Never Underestimate a Caffarelli(3)

By: Melanie Milburne


Hadn’t Clarissa made that starkly clear?

He wanted his body back. He wanted his life back.

Who was to say this Archer woman was the miracle worker Rafe suggested? She could be the biggest charlatan out there. He didn’t want to be taken for a ride, to be given false hopes only to have them dashed in the end. He was slowly coming to terms with his situation. He needed this time at the château to get his head around how life was going to be from now on. He wasn’t ready to face the world just yet. The thought of the paparazzi tailing him to get the best pity shot made him sick to his stomach.

He just wanted to be left alone.

‘One month, Raoul,’ Rafe said into the silence. ‘Please. Just give it a try.’

Raoul knew both of his brothers were worried about him. Remy, his younger brother, had been there the day before, doing his best to jolly him along like a male version of Pollyanna. His grandfather, Vittorio, had been less supportive, but Raoul had come to expect that from him. Vittorio was not the sort of man to offer sympathy or support. His speciality was to blame and to castigate.

‘I’d like a week or two to think about it.’

There was a loaded silence.

Raoul turned his chair around again, suspicion crawling up his damaged spine like sticky spider’s legs as he met his brother’s sheepish dark brown gaze. ‘You haven’t.’

‘She’s waiting in the morning room,’ Rafe said.

Raoul let out a string of colourful obscenities in French, Italian and English. Rage raced through his body like a fast-acting poison. He had never felt so powerless, so damned impotent, in his life. What did his brother think he was, a little child who couldn’t make a sensible decision?

This was his sanctuary.

No one came here unless he invited them.

‘Cool it,’ Rafe said in an undertone. ‘She’ll hear you.’

‘I don’t care if she hears me! What the hell are you playing at?’

‘I’m trying to help you, since you don’t seem to want to help yourself,’ Rafe said. ‘I can’t stand seeing you like this. Sitting around brooding, snapping everyone’s head off if they so much as glance at you. You won’t even go outside, for pity’s sake. It’s as if you’ve given up. You can’t give up. You have to work through this.’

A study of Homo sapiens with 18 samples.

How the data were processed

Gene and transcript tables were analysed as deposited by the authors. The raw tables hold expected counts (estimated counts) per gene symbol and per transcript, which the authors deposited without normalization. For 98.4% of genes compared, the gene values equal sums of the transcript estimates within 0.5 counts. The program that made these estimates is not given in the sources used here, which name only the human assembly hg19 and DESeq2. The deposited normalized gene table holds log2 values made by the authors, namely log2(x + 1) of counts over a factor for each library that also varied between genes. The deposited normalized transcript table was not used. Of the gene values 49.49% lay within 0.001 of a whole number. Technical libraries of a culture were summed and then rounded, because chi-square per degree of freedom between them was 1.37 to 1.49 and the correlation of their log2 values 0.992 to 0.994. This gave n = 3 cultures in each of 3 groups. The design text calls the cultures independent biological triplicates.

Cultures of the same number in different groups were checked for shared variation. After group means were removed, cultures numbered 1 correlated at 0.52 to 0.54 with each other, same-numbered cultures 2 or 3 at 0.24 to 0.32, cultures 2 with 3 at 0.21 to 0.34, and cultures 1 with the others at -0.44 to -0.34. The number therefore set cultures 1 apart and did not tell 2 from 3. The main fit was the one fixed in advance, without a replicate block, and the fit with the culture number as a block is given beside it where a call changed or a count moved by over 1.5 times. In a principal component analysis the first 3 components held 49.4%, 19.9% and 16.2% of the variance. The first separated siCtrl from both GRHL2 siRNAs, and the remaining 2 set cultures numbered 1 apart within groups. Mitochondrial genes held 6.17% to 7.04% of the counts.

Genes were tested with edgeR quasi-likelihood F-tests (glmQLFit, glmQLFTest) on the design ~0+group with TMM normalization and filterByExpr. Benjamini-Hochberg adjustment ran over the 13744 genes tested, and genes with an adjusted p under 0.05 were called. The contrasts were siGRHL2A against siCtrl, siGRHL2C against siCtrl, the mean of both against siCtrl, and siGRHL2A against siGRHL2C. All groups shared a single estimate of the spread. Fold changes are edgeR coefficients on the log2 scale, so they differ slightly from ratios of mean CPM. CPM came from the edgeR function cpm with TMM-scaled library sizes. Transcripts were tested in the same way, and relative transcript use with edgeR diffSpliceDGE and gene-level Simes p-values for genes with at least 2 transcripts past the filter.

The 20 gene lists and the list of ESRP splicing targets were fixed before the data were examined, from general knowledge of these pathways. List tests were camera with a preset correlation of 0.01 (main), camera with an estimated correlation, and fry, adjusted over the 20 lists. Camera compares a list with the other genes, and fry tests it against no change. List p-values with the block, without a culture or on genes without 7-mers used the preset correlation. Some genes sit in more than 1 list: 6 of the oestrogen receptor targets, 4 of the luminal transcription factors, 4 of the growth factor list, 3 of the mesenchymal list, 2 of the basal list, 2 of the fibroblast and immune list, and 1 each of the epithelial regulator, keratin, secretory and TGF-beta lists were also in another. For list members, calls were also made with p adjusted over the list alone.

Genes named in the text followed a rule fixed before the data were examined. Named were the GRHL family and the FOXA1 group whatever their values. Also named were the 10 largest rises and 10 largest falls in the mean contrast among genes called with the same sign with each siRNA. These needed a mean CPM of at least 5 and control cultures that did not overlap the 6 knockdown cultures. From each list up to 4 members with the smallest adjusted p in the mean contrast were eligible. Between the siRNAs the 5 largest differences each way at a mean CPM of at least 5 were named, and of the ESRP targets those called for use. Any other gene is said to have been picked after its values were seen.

Raoul glared at his brother. ‘I’ll go outside when I can get out there under my own power. You had no right to bring that woman here without my permission. This is my house. Get her out of it.’

‘She’s staying,’ Rafe said. ‘I paid her up-front and I can’t get a refund. It was part of her stipulation in accepting the post.’

Raoul flicked his eyes upwards in derision. ‘Doesn’t that tell you what sort of woman she is? For God’s sake, Rafe, I thought you of all people would’ve had more sense. This is just a money grab. You wait and see—she’ll walk out after a couple of days over something I said or did and do a happy dance all the way to the bank.’

‘Miss Archer comes on very good recommendation,’ Rafe said. ‘She’s highly trained and very experienced.’

Raoul gave a scoffing grunt. ‘I just bet she is.’

‘I’m going to leave you to get acquainted with her. I need to get back to Poppy; we have a wedding to organise. I want you there, Raoul, chair or no chair. Do you understand?’

Raoul let out a hiss. ‘I’m not going to sit up there in front of everybody like some sort of freak show. Get Remy to be your best man.’

‘You know what Remy is like. He’ll fail to show up because something far more interesting has come across his radar. I want you to do it, and so does Poppy, and I don’t want her disappointed.’ Rafe moved to the door, holding it open as he added, ‘I’ll call you in a couple of weeks to see how you’re doing. Ciao.’

* * *

Lily gripped her handbag on her lap with fingers that were ice cold in spite of the summer temperature. She’d heard shouting, and although she wasn’t fluent in French or Italian she understood enough to know Raoul Caffarelli was not happy about her being here. Which was ironic, since she wasn’t all that happy about being here, either. But with the money safely in her mother’s mortgage account at least one worry had been shelved.

But her biggest worry lay ahead.

Being left alone in this huge old château with a man she had never met before was like something out of a horror movie. Her pulse was racing and her heart was hammering. She could feel the stickiness of perspiration between her shoulder blades and on her palms. The floor of her stomach was crawling with prickly feet of panic and she had to press her knees together to stop them from knocking against each other.